Understanding Your Insurance Coverage

Illustration of a person holding a health insurance card.

Your insurance policy is an agreement between you and your insurance company. The policy lists a package of medical benefits such as tests, drugs, and treatment services. The insurance company agrees to cover the cost of certain benefits listed in your policy. These are called “covered services.”

Your policy also lists the kinds of services that are not covered by your insurance company. You must pay for any uncovered medical care that you receive. Keep in mind that a medical necessity is not the same as a medical benefit. A medical necessity is something that your doctor has decided is necessary. A medical benefit is something that your insurance plan has agreed to cover. In some cases, your doctor might decide that you need medical care that is not covered by your insurance policy.

Insurance companies determine what tests, drugs, and services they will cover. These choices are based on their understanding of the kinds of medical care that most patients need. Your insurance company’s choices may mean that the test, drug, or service you need is not covered by your policy.

Your doctor will try to be familiar with your insurance coverage so he or she can provide you with covered care. However, there are so many different insurance plans that your doctor cannot know the specific details of each plan. By understanding your insurance coverage, you can help your doctor recommend medical care that is covered in your plan.

  • Take the time to read your insurance policy. It is better to know what your insurance company will pay for before you receive a service, get tested, or fill a prescription. Some kinds of care may have to be approved by your insurance company before your doctor can provide them.
  • If you still have questions about your coverage, call your insurance company and ask are presentative to explain it.
  • Remember that your insurance company, not your doctor, makes decisions about what will be paid for and what will not.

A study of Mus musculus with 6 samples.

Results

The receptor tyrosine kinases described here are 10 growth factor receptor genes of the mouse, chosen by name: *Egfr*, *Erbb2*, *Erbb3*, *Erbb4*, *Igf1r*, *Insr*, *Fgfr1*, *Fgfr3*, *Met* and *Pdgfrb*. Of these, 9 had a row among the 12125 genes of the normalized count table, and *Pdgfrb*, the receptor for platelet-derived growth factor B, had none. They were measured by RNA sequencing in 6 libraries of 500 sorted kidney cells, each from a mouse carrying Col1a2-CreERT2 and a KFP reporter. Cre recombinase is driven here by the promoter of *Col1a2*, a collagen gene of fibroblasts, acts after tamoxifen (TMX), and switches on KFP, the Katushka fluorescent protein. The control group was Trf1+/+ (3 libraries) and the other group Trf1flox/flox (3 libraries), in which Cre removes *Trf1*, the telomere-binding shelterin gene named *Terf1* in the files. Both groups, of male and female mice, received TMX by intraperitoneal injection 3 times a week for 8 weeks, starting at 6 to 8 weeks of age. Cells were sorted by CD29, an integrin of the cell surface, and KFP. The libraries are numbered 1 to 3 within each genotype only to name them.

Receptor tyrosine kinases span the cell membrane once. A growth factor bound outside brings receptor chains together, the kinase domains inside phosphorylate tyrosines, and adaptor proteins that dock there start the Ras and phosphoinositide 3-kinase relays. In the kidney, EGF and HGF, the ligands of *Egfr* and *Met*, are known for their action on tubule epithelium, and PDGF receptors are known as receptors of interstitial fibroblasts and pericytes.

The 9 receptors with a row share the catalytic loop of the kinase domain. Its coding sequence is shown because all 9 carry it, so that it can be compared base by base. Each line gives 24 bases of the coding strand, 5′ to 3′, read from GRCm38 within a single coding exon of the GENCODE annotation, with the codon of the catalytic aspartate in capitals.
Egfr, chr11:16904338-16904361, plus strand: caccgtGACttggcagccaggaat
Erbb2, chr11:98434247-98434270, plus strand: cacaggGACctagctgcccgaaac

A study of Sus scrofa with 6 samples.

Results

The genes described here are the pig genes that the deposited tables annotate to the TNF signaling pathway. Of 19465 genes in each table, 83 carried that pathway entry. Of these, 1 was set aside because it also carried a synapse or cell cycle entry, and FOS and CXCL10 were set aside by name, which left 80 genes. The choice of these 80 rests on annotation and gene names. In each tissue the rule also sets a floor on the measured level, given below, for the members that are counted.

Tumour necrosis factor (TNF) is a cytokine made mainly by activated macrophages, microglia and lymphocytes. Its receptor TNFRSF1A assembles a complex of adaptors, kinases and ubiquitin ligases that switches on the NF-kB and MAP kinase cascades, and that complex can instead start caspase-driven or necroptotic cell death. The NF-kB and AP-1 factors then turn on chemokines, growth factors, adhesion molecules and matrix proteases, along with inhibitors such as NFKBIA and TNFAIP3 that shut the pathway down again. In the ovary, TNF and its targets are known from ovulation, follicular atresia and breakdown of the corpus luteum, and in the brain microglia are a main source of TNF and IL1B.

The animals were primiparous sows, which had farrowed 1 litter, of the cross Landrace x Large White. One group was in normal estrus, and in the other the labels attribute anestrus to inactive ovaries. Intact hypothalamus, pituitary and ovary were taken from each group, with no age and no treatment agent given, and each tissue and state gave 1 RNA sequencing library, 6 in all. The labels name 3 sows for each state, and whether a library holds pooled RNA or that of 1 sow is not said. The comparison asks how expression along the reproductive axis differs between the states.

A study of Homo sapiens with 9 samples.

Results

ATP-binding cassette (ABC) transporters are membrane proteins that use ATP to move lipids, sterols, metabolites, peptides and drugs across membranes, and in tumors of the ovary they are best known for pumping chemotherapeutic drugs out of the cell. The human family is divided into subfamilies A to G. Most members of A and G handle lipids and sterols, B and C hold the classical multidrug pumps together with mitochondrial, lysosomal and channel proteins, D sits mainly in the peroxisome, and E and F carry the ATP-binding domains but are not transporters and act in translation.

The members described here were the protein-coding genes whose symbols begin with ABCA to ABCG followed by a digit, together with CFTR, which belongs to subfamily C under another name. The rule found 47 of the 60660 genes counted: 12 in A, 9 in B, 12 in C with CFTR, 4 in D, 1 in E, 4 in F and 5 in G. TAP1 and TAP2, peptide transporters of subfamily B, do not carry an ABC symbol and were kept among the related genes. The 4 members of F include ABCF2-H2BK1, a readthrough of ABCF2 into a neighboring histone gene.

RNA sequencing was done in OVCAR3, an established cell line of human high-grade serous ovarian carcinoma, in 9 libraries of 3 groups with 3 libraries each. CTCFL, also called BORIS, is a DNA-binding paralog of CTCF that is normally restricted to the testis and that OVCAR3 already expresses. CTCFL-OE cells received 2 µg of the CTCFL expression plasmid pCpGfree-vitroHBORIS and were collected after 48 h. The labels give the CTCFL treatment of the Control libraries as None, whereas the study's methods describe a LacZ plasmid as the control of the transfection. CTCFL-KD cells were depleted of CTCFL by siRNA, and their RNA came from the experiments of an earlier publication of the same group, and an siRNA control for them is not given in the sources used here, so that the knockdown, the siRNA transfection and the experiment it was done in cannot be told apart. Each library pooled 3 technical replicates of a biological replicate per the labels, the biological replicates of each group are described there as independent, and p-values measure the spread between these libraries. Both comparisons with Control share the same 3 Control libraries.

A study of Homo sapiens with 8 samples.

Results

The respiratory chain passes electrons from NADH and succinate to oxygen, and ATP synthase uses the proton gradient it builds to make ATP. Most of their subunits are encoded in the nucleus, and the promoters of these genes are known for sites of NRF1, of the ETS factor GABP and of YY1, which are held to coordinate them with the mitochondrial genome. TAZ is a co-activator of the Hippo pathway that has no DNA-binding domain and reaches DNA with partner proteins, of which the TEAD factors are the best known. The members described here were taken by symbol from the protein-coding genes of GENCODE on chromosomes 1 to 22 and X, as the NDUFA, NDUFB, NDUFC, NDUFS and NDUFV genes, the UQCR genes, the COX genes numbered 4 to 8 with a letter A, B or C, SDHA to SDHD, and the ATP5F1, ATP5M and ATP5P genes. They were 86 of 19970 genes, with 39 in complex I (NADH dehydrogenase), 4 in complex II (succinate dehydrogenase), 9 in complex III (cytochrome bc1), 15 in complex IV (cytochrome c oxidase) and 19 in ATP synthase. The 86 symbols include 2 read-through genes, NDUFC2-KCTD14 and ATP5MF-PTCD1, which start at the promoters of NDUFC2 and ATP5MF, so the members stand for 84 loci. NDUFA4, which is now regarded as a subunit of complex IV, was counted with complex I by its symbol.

• Remember that your physician, not your insurance company, makes medical decisions and recommendations about what will benefit your health status.

Most of the things your doctor recommends will be covered by your plan, but some may not. When you have a test or treatment that is not covered, or you get a prescription filled for a drug that is not covered, your insurance company will not pay the bill. This is often called “denying the claim.” You can still obtain the treatment your doctor recommended, but you will have to pay for it yourself.

If your insurance company denies your claim, you have the right to appeal (challenge) the decision. Before you decide to appeal, know your insurance companies appeal process. This should be discussed in your plan handbook.

Understanding Key Insurance Terms

Copayment: An amount you pay as your share of the cost for a medical service or item, like a doctor’s visit.

Deductible: The amount you owe for covered health care services before your health insurance or plan begins to pay.

Coinsurance: Your share of the cost for a covered health care service, usually calculated as a percentage (like 20%) of the allowed amount for the service.

Premium: The amount you pay for your health insurance or plan each month.

Network: The doctors, hospitals, and suppliers your health insurer has contracted with to deliver health care services to their members.